By: Suraya Raiszada
Dr. Nakamura had worked in the field of health and agriculture for nearly three decades. He was an example of humanity and servant for humanity.
Unfortunately, Dr. Nakamura, served for Afghanistan in various fields, was targeted and assassinated along with his five Afghan colleagues by unidentified individuals in Nangarhar and died later from gunfire wounds. His assassination has been followed by reactions from President Mohammad Ashraf Ghani, UNAMA, civil society organizations, lower house of parliament and Afghan political parties.
Also, millions of Afghans have been saddened by the assassination of Dr. Nakamura as he had served Afghanistan for years.
President Mohammad Ashraf Ghani in a message has expressed his sadness over assassination of Dr. Tetsu Nakamara and his four Afghan colleagues in Nangarhar.
“With utmost grief and sorrow, the enemies of a prosperous and stable Afghanistan continued their callous acts of terror and criminality and murdered Dr. Nakamura and his colleagues,” President Ghani said, underlining that such acts of terror, barbarity and cruelty can never deter the determination of the Afghan people and their international partners to work for progress and prosperity in Afghanistan.
Meanwhile, lower house of parliament has considered his assassination as political, saying that Nakamura was victim of Afghanistan water management. “The assassination of Dr. Nakamura was an unacceptable act and we want the government to seriously investigate the incident so that the people get to know who is behind his death,” said Mir Rahman Rahmani, speaker of Afghanistan parliament.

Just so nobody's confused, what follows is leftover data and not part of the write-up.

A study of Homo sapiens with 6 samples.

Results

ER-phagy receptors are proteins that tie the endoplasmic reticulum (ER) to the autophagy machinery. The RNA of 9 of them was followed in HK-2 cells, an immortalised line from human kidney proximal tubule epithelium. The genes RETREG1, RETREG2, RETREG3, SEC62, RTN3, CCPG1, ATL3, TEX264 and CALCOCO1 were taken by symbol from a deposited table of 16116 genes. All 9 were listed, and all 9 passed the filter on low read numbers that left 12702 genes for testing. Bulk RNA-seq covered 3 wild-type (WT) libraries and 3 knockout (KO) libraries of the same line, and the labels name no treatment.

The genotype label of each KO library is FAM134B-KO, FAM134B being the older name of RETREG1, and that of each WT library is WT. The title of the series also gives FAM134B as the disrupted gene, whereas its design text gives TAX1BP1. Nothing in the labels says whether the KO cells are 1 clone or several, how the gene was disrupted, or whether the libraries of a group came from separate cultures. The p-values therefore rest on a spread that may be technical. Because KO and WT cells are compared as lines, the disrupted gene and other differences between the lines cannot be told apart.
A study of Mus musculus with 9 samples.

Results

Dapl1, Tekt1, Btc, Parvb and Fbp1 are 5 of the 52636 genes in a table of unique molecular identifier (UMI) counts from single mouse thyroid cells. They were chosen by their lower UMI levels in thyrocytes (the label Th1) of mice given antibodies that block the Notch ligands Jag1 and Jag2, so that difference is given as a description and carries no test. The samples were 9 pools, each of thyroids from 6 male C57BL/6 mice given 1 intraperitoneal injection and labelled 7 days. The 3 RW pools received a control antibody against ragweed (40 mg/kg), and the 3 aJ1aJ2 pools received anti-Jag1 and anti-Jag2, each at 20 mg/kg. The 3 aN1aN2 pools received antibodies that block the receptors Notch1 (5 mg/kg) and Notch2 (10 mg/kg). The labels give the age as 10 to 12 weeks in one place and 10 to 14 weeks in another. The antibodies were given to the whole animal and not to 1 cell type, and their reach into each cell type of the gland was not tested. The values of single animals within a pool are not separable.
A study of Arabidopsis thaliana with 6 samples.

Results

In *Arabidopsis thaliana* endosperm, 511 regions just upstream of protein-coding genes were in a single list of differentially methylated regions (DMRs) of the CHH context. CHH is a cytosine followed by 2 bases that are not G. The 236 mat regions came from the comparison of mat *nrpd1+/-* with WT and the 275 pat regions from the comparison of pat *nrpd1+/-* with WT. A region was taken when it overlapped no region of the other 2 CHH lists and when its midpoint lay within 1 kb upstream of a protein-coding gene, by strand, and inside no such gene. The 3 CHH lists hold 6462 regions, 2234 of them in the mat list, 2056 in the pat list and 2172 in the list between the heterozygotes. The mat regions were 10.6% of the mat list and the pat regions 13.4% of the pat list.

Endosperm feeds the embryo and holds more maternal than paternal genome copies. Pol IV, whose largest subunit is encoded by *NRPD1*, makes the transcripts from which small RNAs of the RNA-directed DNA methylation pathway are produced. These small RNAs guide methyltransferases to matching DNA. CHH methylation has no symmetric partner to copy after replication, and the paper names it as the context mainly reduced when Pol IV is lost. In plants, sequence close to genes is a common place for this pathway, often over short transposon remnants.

Representatives of Nangarhar people in parliament have stressed that works and services of Dr. Nakamura will never be forgotten as he’d left his country and was in Afghanistan to serve the people, asking the government to fully investigate the case.
A number of civil society activists have also praised Dr. Nakamura for his works and reacted to the assassination of Dr. Nakamura and said that Afghanistan lost one of its honest son and his works would be remembered for ever.
“Dr. Nakamura spent most years of his life in the service of Afghan miserable people and cooperated with hundreds of Afghans in the field of agriculture with no consideration to religion, tribe and cultural relations,” said Fahim Karim, a civil society activist.
He added that the people of Afghanistan knew him as a great figure and national of Afghanistan and his works and services would be remembered.
Nakamura’s killing shocked many Afghans and candlelight vigils were held throughout the country. Giant posters emblazoned with his picture still adorn parts of the capital.
Authorities in eastern Nangarhar province where the shooting occurred said they had received intelligence earlier that Nakamura may be targeted in an attack and had warned Nakamura to be particularly cautious. Nakamura was travelling with three guards when he was killed. His guards also died.
It is worth mentioning that the body of 73-year-old Japanese physician killed earlier this week in a roadside shooting in eastern Afghanistan arrived in Narita airport near Tokyo on Sunday.
Dr. Tetsu Nakamura was affectionately known as “Uncle Murad” by villagers in eastern Afghanistan, where he led the development of water and agricultural management projects since his arrival in Afghanistan in 2008.
Nakamura was gunned down along with five Afghans on Wednesday as they travelled to the Nangarhar provincial capital of Jalalabad. Nakamura’s wife Naoko and daughter Akiko had travelled to Afghanistan along with three of his colleagues, to accompany his body home to Japan. His coffin was draped in a white cloth and covered with flowers.